Argument: Test ban does not erase knowledge of how to build nukes
Harold Brown and John Deutch. "The Nuclear Disarmament Fantasy". Wall Street Journal. November 19, 2007: "We agree that the strongest possible measures must be taken to inhibit the acquisition of and roll back the possession of nuclear weapons. However, the goal, even the aspirational goal, of eliminating all nuclear weapons is counterproductive. It will not advance substantive progress on nonproliferation; and it risks compromising the value that nuclear weapons continue to contribute, through deterrence, to U.S. security and international stability.
A nation that wishes to acquire nuclear weapons believes these weapons will improve its security. The declaration by the U.S. that it will move to eliminate nuclear weapons in a distant future will have no direct effect on changing this calculus. Indeed, nothing that the U.S. does to its nuclear posture will directly influence such a nation's (let alone a terrorist group's) calculus.
Whatever their other merits (and they are significant), it is difficult to argue that a comprehensive test ban treaty, a "no first use" declaration by the U.S., a dramatic reduction in the number of deployed or total nuclear weapons in our stockpile, an end to the production of fissionable material will convince North Korea, Iran, India, Pakistan or Israel to give up their nuclear weapons programs.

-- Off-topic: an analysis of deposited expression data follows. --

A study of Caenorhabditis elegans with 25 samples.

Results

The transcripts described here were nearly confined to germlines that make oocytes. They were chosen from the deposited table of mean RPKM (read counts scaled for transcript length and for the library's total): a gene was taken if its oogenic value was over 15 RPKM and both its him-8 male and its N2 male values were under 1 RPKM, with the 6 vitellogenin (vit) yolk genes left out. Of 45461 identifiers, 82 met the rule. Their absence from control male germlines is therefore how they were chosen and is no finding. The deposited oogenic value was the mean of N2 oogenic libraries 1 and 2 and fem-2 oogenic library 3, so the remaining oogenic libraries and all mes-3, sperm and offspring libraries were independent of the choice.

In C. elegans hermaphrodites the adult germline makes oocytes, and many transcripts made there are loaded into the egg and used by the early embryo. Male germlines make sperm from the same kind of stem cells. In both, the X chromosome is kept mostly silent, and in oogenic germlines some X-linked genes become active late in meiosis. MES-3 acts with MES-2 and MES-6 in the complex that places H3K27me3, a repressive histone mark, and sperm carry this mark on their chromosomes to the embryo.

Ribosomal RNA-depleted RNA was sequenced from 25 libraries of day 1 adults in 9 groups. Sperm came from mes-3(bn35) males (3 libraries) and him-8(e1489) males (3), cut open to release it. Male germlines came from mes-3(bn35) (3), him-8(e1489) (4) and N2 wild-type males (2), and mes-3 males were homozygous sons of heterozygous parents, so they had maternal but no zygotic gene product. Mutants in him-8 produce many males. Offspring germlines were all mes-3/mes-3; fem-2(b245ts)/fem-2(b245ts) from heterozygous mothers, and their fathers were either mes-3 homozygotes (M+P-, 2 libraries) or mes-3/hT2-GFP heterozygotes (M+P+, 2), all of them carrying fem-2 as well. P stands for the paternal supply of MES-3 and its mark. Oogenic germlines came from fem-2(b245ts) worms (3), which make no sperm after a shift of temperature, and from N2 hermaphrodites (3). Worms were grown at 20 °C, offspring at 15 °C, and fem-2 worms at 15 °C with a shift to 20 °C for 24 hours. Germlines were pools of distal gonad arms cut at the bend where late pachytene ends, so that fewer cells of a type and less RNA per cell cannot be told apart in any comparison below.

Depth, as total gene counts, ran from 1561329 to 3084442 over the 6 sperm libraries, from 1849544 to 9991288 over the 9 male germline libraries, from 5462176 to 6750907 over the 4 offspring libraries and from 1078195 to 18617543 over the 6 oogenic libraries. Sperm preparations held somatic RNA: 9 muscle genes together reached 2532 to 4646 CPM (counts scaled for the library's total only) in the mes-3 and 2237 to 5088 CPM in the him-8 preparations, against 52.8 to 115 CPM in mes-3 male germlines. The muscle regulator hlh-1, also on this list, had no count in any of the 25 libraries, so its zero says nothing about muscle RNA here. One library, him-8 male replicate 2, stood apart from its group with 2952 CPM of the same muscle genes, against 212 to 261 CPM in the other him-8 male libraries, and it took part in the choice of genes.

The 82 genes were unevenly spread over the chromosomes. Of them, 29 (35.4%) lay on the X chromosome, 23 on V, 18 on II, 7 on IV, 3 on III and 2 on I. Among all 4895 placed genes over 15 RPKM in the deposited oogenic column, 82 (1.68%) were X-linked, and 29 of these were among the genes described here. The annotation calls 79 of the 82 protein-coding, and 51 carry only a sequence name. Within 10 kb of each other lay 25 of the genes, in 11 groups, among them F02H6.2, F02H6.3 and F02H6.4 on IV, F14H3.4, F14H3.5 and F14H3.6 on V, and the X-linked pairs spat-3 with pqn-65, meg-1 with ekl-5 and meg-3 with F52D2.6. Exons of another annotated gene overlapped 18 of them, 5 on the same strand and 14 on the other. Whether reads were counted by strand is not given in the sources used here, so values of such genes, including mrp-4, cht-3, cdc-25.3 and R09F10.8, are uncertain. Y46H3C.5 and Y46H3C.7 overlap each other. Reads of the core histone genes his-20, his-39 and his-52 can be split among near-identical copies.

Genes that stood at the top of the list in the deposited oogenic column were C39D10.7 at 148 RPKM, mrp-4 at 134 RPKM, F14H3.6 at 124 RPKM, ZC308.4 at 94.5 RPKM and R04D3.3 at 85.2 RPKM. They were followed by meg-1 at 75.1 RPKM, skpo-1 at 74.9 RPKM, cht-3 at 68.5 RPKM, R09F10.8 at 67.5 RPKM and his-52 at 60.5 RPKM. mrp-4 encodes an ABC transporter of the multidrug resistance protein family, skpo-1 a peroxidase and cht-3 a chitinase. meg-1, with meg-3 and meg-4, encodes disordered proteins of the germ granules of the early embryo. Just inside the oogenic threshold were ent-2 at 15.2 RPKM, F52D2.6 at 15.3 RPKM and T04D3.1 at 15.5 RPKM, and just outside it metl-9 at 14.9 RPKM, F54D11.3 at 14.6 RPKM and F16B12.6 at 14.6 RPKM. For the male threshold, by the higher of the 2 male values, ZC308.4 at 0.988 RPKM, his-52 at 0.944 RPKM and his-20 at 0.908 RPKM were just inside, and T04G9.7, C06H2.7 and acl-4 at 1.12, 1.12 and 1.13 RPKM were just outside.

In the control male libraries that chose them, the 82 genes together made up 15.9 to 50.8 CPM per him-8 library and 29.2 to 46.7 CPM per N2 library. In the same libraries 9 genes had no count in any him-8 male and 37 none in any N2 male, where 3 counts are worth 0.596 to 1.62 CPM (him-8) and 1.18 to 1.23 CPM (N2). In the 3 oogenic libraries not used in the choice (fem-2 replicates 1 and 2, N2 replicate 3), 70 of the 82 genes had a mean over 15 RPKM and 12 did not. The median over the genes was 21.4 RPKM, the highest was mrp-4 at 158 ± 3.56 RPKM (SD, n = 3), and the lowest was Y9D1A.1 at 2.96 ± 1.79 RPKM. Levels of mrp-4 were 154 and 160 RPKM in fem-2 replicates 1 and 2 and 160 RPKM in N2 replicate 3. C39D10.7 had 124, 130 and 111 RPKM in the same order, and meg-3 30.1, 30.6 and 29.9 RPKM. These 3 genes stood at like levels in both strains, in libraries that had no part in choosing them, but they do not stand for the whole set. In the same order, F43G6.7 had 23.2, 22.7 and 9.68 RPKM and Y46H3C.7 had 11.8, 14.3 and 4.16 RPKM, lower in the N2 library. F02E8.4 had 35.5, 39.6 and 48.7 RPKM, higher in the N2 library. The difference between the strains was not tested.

True enough, the U.S. ratified the 1968 Nonproliferation Treaty, whose Article Six states: "Each of the parties to the treaty undertakes to pursue negotiations in good faith on effective measures relating to cessation of the nuclear arms race at an early date and to nuclear disarmament, and on a treaty on general and complete disarmament under strict and effective international control.
No one suggests abandoning the hope embodied in such a well-intentioned statement. However, hope is not a policy, and, at present, there is no realistic path to a world free of nuclear weapons.
One cannot, for example, make the scientific knowledge and technological know-how that make nuclear weapons possible disappear. Proliferating states, even if they abandoned these devices under resolute international pressure, would still be able to clandestinely retain a few of their existing weapons -- or maintain a standby, break-out capability to acquire a few weapons quickly, if needed."